New York Rangers’ Glen Sather: Bargain Hunter!
Ok, Ok! Who are you and what have you done with Glen Sather? It’s a legitimate question and one we have to ask. In the face of a mass exodus on July 1st, the NY Rangers have actually improved for less!
I know, many of you and most experts would like to challenge me on that, so let me just answer the bell.
Keep your fancy stats, this is simple math. Above you see the player replacing last year’s Ranger with current cap hit and career average points per game. No corsi nonsense needed here. Average points per game is a clear track record of what reasonable expectations you can have.
In 3 out of the 5 cases above, the replacements win hands down (Dan Boyle, Lee Stempniak and Matthew Lombardi) and for equal or less AAV. One instance shows a slight edge in Pts Per Game to Dorsett, while Glass comes in slightly cheaper.
The biggest disparity is the buyout of Brad Richards, who is 34 years old and on a steep decline (scored a little over .50 pts per game last season) and a rising young star in JT Miller. However, even with Richards’ gaudy career point totals, the difference is only .16 total, but almost 6 million dollars less in cap hit.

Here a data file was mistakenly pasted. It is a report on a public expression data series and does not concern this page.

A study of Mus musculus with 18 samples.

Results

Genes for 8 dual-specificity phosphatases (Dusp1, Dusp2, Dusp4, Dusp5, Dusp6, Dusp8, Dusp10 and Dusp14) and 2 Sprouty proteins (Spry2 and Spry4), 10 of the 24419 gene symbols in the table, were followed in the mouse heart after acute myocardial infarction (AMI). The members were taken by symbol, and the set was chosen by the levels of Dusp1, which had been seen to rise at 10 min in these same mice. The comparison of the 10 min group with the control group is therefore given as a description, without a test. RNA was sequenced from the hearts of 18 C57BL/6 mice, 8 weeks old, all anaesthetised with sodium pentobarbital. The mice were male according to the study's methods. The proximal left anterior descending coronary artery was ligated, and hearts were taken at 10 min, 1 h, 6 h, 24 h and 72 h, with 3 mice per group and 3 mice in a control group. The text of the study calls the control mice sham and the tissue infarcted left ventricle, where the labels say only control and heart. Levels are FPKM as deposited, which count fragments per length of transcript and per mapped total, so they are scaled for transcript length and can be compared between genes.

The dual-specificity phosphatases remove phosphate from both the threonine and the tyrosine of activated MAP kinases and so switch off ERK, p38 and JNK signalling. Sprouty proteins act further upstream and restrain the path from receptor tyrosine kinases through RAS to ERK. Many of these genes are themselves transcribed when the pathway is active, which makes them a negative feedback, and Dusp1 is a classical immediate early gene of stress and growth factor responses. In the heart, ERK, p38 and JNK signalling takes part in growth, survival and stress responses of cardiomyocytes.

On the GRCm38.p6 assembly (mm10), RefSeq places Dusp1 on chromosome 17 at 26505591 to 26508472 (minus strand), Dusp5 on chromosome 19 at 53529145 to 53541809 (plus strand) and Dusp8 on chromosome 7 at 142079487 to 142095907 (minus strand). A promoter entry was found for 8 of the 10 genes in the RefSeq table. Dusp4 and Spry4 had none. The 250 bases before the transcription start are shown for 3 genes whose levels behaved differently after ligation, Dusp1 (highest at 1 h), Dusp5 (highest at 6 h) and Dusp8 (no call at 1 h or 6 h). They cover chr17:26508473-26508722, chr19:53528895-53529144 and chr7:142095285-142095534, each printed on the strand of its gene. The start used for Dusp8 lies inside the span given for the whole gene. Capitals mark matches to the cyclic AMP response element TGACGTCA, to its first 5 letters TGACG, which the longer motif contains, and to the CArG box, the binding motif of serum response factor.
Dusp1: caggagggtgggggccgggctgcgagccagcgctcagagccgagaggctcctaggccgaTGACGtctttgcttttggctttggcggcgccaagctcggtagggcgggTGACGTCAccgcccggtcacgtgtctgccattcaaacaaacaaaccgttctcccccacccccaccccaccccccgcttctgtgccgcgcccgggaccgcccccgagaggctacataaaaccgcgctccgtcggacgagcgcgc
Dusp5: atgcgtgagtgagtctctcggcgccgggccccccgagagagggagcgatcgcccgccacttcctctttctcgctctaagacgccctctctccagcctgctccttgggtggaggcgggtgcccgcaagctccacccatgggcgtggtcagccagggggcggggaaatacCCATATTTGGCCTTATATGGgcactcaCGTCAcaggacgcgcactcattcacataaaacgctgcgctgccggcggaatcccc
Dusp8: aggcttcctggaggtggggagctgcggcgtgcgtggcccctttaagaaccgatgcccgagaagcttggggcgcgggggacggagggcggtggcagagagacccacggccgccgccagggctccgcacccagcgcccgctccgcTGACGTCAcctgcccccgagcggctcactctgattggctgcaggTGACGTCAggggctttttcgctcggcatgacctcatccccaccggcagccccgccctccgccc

That my friends is called shrewd spending by a man not commonly known for it. These moves leave ample dollars for Sather to sign 4 core Rangers from last year’s Cup run in Zuccarello, Brassard, Kreider and John Moore.
The best part is that these deals are also short in term. 1 year to 2 year contracts (except, Glass at 3). Meaning, they can regain that salary next year to re-sign Derek Stepan and Marc Staal.
Bottom line is this, the Rangers regained lost depth and did so at a fraction of the price. The expected improvements in players like McDonagh, Kreider, Hagelin and Zuccarello should compensate for any loss point totals or intangibles caused by the departing players.
Add in the likely rebound seasons from Derek Stepan & Rick Nash and you can see the plan taking shape. We should also not discount the benefits of having Marty St. Louis for a full season.
Only the most pessimistic of hockey experts and fans will look at this team as a far cry from last year’s Cup finalists. Then again, no one expected them to get remotely that far.
If the Rangers get back there and win it all, you can look back to these frugal maneuvers by a savvy GM. Deals that are seemingly out of character but moves that win championships nonetheless.